Monday, May 15, 2006

What's the Sound of One Hand Burning?

by Ken Houghton

In the Monetization of the Internet, some firms realise sooner than others that keeping a quarter is better than losing a dollar.
Starting Monday, Vivid Entertainment says it will sell its adult films through the online movie service CinemaNow, allowing buyers to burn DVDs that will play on any screen, not just a computer.

It's another first for adult film companies that pioneered the home video market and rushed to the Internet when Hollywood studios still saw it as a threat.

The home video market revolutionised the porn industry, but required a complete revamping of the business model (e.g., the shift from shooting on film to tape for cost purposes and revamping the distribution system). See Boogie Nights for a reasonable fictional representation of the changes.

Some of that affected the Hollywood mainstream as well, but the savings weren't so great, and the studios attempted to maintain the business model that was centered on Theatrical Release. That, and other poor decisions--such as shooting films in television ratio (4:3 instead of 16:9)--belie the optimism of at least one analyst:
"The rest of Hollywood stands back and watches and lets the pornography industry work out all the bugs," [Michael Greeson] said.

Lest we think this is self-promotion, Greeson doesn't work in or with the pornography industry directly--but he benefits from their marketing.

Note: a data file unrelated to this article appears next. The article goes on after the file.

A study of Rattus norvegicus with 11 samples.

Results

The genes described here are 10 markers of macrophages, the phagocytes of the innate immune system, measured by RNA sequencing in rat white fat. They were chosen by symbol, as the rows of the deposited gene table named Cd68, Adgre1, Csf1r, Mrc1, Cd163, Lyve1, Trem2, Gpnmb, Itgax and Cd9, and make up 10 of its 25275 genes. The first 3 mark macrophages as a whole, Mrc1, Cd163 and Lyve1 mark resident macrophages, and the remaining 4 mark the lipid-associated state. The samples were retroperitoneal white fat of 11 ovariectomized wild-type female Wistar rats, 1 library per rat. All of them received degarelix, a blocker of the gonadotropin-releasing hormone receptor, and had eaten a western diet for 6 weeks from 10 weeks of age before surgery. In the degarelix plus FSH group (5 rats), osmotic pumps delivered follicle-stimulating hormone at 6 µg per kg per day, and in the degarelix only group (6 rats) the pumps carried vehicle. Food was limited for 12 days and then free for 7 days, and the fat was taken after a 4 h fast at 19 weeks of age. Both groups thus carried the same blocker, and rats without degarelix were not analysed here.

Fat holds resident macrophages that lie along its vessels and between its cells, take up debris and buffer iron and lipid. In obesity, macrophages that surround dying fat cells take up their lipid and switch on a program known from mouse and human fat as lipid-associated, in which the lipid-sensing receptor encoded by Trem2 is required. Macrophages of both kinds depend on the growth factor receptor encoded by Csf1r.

"Leave it to the porn industry once again to take the lead on this stuff," said Michael Greeson, founder of The Diffusion Group, a consumer electronics think tank in Plano, Texas. [emphasis mine]

The article cautions that "[t]here are business and technology factors that make it easier for adult film companies to embrace new technology faster than traditional media." Trust me--or read the whole thing--that they don't raise any technology factors. And what is the main "business" factor?
[The major] studios are hesitant to anger large retailers such as Wal-Mart Stores Inc. and Blockbuster by selling DVD-ready downloads directly to consumers....

"We don't have to divvy up the pie," said Bill Asher, co-chairman and co-owner of Vivid Entertainment, the largest distributor of adult entertainment. "We sell in smaller stores, mainstream chains, but no one dominant component where we're going to get that phone call."

Translating those two paragraphs: the porn industry revised their business model in the late 1970s and early 1980s to concentrate on expanding their relationship with consumers. The major studios retained (indeed, expanded) their dependency on distributors--not consumers--of their product.

Is it any wonder that Mark Cuban argues that the studios aren't Quite Getting It?
Comments: Post a Comment

<< Home

This page is powered by Blogger. Isn't yours?